Three Weeds You Need To Address As A Leader


Three weeds I see that are always ready to "pop up" and inhibit the growth of your team include:

Confused priorities.
With individuals and organizations often suffering from the desire for immediate gratification, it should come as no surprise that we shift priorities the moment we think something isn't working. The reality is that anything of value will take a long time to grow. If your team members are being asked to frequently switch priorities they run the risk of wasting precious resources as they struggle through their day. As much as possible, let your team finish what they start, and make sure your own actions align with what you say is important. Consistently communicate where your team should be focusing their time and make yourself more available to them to recognize any potential confusion. And if you really want to find out if you're on target, ask each member of your team-"What would you say is our top priority?" You might just be surprised by their answers.

Ongoing overload.
We all need to be stretched, and having brief periods of overload force us to determine better ways to get our work done. When people constantly have too much on their plate, however, they go into “check off” mode, just trying to get things done without a focus on quality or efficiency. Do you encourage others to build in strategic thinking time into their week? Do you model it yourself and share your insights with your team so they can recognize the value of such time? Are you noticing the signs of overload for your team, and working to determine how to lessen their physical or mental load?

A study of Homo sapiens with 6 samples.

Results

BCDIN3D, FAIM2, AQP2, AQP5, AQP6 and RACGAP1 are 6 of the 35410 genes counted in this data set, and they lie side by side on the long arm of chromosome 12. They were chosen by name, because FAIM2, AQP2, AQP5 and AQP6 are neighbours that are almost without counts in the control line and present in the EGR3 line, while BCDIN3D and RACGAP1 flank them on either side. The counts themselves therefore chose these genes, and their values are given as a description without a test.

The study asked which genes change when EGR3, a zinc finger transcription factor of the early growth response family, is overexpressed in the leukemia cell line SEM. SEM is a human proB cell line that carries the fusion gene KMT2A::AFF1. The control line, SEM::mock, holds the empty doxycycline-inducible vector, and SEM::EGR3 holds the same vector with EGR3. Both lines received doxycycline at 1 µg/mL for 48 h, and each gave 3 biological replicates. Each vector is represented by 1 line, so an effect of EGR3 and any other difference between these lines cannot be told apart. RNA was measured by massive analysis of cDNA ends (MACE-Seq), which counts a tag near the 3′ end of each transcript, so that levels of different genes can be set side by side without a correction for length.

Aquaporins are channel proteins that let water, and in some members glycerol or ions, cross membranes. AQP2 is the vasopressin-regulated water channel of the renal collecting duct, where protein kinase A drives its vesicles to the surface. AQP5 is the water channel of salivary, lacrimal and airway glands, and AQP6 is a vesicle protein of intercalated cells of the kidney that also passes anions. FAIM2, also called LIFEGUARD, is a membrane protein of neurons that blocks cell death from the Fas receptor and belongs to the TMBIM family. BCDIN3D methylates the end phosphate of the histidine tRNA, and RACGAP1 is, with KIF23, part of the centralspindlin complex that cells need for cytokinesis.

Lack of connection
Recently I talked about the danger of feeling alone at work, and I was amazed at the number of people who commented that they experienced those feelings on a regular basis. When you and your team are so busy trying to get things done, you can forget the fact that people bring their minds AND hearts to work. The moment someone starts feeling isolated in their situation or having to go it alone with a problem, their productivity and work quality can quickly suffer.

That's why I so often say that the most critical benefit of getting your team together is for them to share their unique successes and challenges and feel connected to something bigger than themselves.

And how do you best prevent these weeds from showing up? Make it a priority to listen to what your team members are saying... and NOT saying.